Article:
State investigators say one client of the Lafayette Association for Retarded Citizens developed a bowel obstruction and another developed an antibiotic-resistant staph infection because association employees did not administer medicine properly.
The Advertiser reports that the association had a Feb. 19 deadline for correcting problems found in December by the health standards section of the Department of Health and Hospitals.
It says neither DHH nor association Director Glenn Weber would comment on whether LARC met that deadline.
Officials at the Lafayette Parish Coroner's office say the body believed to be Mickey Shunick is in such an advanced stage of decay they had to send it to face identification expert at Louisiana State University.
Keith Talamo, chief medicolegal investigator at the coroner's office, said Wednesday Mary Manhein at the LSU FACES Laboratory will be handling the investigation of the body. Police found it buried at a cemetery about 100 yards off of La. Highway 10.
Talamo said it will be 24-48 hours before they will be able to identify the remains.
The Louisiana Legislative Auditor says a second review of financial records at Jefferson Community Healthcare Centers has uncovered illegal use of public money and transactions involving former Jefferson Parish Councilman Byron Lee and his family.
The auditor found that more than $200,000 in clinic funds was transferred the personal bank account of former chief financial officer Ebony Williams and that $135,000 in public money was used for unearned benefits as well as political donations, a for-profit business investment and a Christmas party.
Coal miner Lee Hipshire in 1976, shortly after emerging from a mine in Logan County, W.Va., at the end of his shift. A few years later, Lee took early retirement because of pneumoconiosis, or black lung disease. He died at 57.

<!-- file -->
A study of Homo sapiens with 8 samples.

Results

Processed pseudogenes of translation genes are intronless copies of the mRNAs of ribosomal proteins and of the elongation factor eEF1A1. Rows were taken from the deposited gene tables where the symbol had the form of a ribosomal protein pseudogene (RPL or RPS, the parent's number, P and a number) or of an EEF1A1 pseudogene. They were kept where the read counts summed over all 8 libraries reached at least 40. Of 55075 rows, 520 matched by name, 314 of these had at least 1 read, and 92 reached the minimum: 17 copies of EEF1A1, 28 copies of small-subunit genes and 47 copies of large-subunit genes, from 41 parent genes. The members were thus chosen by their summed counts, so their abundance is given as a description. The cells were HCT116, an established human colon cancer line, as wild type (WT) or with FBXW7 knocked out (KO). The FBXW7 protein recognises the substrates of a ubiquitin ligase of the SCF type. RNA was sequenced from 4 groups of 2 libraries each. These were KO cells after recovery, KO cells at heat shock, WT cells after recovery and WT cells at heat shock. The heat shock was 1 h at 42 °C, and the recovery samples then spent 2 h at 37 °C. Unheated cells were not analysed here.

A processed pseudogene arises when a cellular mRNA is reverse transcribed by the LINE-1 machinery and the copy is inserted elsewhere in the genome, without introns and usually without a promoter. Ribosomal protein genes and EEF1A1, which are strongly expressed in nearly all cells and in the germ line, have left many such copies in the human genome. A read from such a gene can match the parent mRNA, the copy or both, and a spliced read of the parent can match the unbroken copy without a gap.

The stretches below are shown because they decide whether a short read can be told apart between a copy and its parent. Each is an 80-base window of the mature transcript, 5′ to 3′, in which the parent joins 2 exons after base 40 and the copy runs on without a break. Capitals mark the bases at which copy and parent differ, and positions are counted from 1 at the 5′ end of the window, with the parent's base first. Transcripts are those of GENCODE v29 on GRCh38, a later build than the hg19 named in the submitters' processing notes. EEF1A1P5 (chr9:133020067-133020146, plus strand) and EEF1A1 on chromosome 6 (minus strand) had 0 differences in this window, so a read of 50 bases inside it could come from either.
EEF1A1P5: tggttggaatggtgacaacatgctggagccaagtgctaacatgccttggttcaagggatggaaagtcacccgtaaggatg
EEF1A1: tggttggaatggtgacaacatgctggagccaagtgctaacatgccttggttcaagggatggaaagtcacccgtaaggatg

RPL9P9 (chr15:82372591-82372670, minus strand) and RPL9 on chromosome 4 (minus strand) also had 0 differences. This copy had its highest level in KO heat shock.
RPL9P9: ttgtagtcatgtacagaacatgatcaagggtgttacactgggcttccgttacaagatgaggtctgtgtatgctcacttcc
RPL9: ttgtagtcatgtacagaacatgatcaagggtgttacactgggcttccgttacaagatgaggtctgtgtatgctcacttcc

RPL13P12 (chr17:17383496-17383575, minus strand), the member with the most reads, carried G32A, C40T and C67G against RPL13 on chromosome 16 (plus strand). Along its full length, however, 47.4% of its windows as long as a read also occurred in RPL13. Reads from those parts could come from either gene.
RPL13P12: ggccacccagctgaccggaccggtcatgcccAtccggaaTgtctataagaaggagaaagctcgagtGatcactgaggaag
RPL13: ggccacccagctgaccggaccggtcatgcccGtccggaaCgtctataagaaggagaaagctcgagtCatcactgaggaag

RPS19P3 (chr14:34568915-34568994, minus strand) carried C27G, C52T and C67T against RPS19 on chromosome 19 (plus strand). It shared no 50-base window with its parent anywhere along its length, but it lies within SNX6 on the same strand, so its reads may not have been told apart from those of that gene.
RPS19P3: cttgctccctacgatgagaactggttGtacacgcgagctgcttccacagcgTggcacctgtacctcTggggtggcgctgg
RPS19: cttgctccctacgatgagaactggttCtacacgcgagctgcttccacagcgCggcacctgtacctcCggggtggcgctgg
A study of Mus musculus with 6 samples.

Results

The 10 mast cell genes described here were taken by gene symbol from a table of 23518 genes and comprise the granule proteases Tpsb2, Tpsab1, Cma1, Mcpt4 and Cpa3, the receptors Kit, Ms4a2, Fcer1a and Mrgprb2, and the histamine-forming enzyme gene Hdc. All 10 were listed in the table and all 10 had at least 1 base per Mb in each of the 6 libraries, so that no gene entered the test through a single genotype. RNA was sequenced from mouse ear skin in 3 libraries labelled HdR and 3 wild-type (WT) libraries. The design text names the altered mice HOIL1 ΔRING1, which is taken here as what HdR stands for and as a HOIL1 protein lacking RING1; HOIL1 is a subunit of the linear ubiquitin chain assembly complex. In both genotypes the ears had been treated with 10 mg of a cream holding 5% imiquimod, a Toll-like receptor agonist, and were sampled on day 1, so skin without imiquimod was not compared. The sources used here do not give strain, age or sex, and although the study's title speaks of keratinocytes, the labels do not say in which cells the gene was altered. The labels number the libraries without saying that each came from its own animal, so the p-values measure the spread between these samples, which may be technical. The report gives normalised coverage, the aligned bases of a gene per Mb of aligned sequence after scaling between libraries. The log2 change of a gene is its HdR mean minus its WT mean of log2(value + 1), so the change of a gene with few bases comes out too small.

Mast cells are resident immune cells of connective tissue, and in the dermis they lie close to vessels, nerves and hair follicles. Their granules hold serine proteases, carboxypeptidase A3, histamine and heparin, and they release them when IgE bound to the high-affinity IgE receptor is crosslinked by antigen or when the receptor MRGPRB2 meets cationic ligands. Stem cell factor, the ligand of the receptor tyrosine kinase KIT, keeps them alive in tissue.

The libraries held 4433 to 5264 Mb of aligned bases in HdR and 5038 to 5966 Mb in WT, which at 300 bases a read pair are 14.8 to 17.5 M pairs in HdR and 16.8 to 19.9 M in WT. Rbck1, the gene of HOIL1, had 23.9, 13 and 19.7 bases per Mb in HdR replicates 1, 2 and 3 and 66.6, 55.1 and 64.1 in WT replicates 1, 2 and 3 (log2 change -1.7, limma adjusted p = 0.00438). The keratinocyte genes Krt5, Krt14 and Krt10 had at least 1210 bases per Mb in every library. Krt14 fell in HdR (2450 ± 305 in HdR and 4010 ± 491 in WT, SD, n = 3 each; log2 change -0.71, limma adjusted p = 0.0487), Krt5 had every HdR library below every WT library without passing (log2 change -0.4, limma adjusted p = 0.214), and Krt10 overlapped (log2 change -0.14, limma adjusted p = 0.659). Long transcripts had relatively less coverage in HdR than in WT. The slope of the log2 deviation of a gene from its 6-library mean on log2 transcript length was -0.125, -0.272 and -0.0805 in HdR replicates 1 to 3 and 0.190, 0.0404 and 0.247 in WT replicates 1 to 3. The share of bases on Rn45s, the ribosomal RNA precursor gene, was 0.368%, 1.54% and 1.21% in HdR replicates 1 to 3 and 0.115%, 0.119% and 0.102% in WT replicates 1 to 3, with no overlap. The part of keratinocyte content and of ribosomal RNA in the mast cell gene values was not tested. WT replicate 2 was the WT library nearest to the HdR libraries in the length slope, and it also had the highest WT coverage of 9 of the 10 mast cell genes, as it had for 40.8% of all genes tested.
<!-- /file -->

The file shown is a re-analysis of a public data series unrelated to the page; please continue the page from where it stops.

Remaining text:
NPR and the Center for Public Integrity (CPI) have learned that the Mine Safety and Health Administration (MSHA) and the Labor Department are putting together a team of agency experts and lawyers to specifically consider how to bolster coal mine dust enforcement given the statutory and regulatory weaknesses detailed by NPR and CPI this week in stories about the resurgence of black lung.
A new audit says the state Department of Environmental Quality didn't have proper controls over a state program meant to keep tires from being dumped illegally, allowing overpayments.
The report from the Louisiana Legislative Auditor's Office says DEQ allows waste tire processors to weigh their own tire shipments, rather than confirming the weight through a third party. Since the payments are based on weight, the audit says the lack of confirmation gives processors an ability to overstate what they've done.
In a blow to housing preservation efforts, the nonprofit owners of a home that was moved from the new Veteran’s Affairs Hospital site to Tremé recently asked for permission to demolish the historic house.
The city spent $35,000 to move the house and donated it to Providence Community Housing.
The Hoffman Triangle III project aimed to complete nine new homes for first-time homebuyers by the end of last year. But only 5 were completed, according to a city report detailing how federal housing grant funds were spent in 2011.
It seemed like a simple enough question: How much of a $25 million annual federal allocation did Mayor Mitch Landrieu’s administration spend last year to help struggling residents and address blight?
The precise figure is hard to decipher, city officials said. On the one hand, the city spent more than $25 million because of money rolled over from previous years. But it didn’t spend all of its 2011 money, citing project delays.
As they do annually, the feds are letting the money roll into this year, so the city hasn’t lost any funding.
As expected, a one-time city contractor facing federal charges in a Nagin-era kickback scheme is cooperating with investigators and is set to plead guilty next week, according to his attorney and U.S. Attorney Jim Letten’s office.
Feel like the city’s got a boot on your neck? How about on your tire?
There’s a reason why. In the past year, New Orleans parking officials have become much more aggressive in the use of devices that immobilize cars with outstanding parking tickets.
“[W]e used to boot vehicles if they had more than three violations,” said city Department of Public Works parking administrator Zepporiah Edmonds, in testimony Wednesday afternoon before the City Council’s Budget-Audit Board of Review.
City officials Tuesday could take the first moves to expand the city’s number of taxicabs by as many as 120 Tuesday as they discuss a series of ordinances meant to improve the frequently criticized fleet.